Despite the similarity in their common names, giant panda and red panda are not related to each other. They belong to totally different families with no connection whatsoever. However, it's also worth noting that we usually refer to giant panda―the bear native to China―when we say panda.
Also referred to as giant panda bears, they are endemic to the central-western and southwestern regions of China. These bears are typically characterized by the large, black patches over their eyes, ears, and body. Though they are classified as carnivores, 99 percent of their diet consists of bamboo grass. Their habitat spans the mountain provinces of central China. In these mountains, they are found at elevations of around 3,000 meters. In winter though, they descend to an altitude of around 800 meters. The natural habitat of giant pandas is typically characterized by bamboos on which they feed.
While a large part of the giant panda population is concentrated to the Sichuan province in southwestern China, provinces such as Shaanxi and Gansu in northwestern China also have a significant share to their credit. Basically, there are two subspecies of giant panda: the Ailuropoda melanoleuca and Ailuropoda melanoleuca qinlingensis. While the former is typically black and white in color, the latter is brown and white. Of the two, the Ailuropoda melanoleuca qinlingensis, a.k.a. the Qinling panda, is endemic to the Qinling Mountains in Shaanxi province.
Neither is the species related to giant panda, nor does it belong to the bear family. Basically, Red pandas are the only members of the Ailurus family of mammals. They are typically characterized by their reddish-brown fur and bushy tails. They are native to the temperate forests of the Himalayan mountain range in Asia, wherein they are most often found at elevations of 2,200 - 4,800 meters. There exist two subspecies of red panda: the Western red panda and Styan's red panda. The Styan's species is relatively larger and sports a dark coat. The Brahmaputra river acts as a geographical border between the habitat of these two subspecies. Their highly adaptable nature ensures that they are found in captivity in various parts of the world.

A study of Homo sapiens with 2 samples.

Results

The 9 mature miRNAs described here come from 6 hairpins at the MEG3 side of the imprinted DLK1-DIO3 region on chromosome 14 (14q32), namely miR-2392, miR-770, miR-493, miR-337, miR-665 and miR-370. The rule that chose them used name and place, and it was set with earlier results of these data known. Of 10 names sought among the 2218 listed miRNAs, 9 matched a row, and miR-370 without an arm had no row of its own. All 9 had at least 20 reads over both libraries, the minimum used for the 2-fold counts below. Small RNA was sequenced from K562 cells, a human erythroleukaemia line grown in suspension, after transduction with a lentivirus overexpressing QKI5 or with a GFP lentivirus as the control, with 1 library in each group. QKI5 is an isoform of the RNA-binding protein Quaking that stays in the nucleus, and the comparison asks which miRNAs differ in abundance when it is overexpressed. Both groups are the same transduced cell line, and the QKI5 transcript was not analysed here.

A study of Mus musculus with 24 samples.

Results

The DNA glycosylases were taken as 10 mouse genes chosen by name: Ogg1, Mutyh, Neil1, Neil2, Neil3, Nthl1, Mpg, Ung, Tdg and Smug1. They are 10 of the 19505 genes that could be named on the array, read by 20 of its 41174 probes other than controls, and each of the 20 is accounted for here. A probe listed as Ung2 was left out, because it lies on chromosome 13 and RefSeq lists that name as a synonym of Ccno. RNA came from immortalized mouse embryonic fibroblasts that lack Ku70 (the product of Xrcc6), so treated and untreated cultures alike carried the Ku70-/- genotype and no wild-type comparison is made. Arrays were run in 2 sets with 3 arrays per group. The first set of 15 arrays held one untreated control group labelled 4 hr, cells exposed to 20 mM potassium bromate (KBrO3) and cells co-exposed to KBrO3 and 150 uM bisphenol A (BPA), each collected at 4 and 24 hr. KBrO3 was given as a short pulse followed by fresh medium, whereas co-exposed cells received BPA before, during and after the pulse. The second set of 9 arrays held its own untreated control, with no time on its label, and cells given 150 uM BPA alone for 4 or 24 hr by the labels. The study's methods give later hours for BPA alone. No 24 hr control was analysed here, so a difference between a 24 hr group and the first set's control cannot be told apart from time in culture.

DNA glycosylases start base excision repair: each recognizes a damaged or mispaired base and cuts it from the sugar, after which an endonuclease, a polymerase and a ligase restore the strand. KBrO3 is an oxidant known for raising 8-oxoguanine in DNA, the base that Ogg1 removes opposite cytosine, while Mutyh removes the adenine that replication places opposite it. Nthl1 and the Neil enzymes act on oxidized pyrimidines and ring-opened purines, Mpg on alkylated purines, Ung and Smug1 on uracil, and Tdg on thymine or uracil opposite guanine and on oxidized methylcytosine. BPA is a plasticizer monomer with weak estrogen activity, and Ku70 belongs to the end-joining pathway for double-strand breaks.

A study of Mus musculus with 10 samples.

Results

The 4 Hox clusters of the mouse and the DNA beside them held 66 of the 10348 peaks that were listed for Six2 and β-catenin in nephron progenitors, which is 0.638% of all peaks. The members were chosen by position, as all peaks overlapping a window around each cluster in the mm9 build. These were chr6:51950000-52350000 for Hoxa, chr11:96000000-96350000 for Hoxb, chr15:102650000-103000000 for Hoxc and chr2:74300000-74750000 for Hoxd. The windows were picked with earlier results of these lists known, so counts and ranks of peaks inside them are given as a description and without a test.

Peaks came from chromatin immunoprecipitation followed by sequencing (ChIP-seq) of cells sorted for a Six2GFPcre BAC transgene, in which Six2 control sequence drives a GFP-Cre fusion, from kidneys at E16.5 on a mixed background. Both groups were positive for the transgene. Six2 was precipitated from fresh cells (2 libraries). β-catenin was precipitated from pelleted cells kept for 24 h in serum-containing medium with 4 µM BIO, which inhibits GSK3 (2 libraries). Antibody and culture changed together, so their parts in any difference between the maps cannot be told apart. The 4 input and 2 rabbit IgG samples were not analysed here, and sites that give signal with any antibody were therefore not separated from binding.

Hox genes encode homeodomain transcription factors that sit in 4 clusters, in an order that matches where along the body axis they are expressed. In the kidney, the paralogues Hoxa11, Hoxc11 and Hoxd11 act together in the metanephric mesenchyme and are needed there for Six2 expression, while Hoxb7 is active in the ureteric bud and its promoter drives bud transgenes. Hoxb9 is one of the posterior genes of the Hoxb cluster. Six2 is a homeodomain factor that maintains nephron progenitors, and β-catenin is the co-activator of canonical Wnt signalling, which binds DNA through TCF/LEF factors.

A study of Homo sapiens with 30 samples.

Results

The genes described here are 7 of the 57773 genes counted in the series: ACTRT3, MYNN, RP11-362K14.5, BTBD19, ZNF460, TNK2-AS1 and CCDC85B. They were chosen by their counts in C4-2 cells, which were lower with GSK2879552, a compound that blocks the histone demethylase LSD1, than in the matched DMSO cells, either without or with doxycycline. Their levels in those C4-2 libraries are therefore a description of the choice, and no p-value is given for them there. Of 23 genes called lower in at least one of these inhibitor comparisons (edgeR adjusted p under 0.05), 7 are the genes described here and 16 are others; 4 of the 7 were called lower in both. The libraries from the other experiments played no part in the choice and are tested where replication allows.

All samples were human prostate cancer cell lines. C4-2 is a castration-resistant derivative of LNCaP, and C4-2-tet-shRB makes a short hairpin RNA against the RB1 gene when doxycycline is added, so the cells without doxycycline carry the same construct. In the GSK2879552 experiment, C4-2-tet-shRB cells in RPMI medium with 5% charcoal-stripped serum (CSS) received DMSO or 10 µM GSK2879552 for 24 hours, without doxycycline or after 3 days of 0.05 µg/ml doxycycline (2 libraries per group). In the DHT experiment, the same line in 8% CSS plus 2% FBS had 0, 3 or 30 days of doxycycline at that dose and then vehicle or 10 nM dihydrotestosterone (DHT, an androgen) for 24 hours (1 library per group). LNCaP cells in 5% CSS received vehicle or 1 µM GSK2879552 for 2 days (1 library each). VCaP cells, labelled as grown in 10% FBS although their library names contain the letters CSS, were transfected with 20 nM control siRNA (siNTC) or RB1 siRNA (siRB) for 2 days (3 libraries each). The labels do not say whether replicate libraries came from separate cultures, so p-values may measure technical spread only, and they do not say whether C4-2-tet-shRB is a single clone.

The Himalayan mountain range, which is home to red pandas, is a long chain of mountains in central Asia. Their population is largely restricted to Nepal and China. Other Asian countries such as India, Myanmar, and Bhutan are also home to this species, but their concentration in these countries is relatively low. The Western red panda is found in Nepal and India, while the Styan's red panda is found in southern China and northern Myanmar.
That covered the natural habitat as well as geographical range of giant panda and red panda species. While the red panda has been declared vulnerable by the International Union for Conservation of Nature (IUCN), giant panda is considered endangered. Though the two are not related to each other, various factors which have been contributing to the decline in their numbers are by far the same. The driving factor being habitat destruction as a result of large-scale clearance of land for farming and logging. As in the case of several other species, even these pandas are falling prey to human interference in their natural habitat.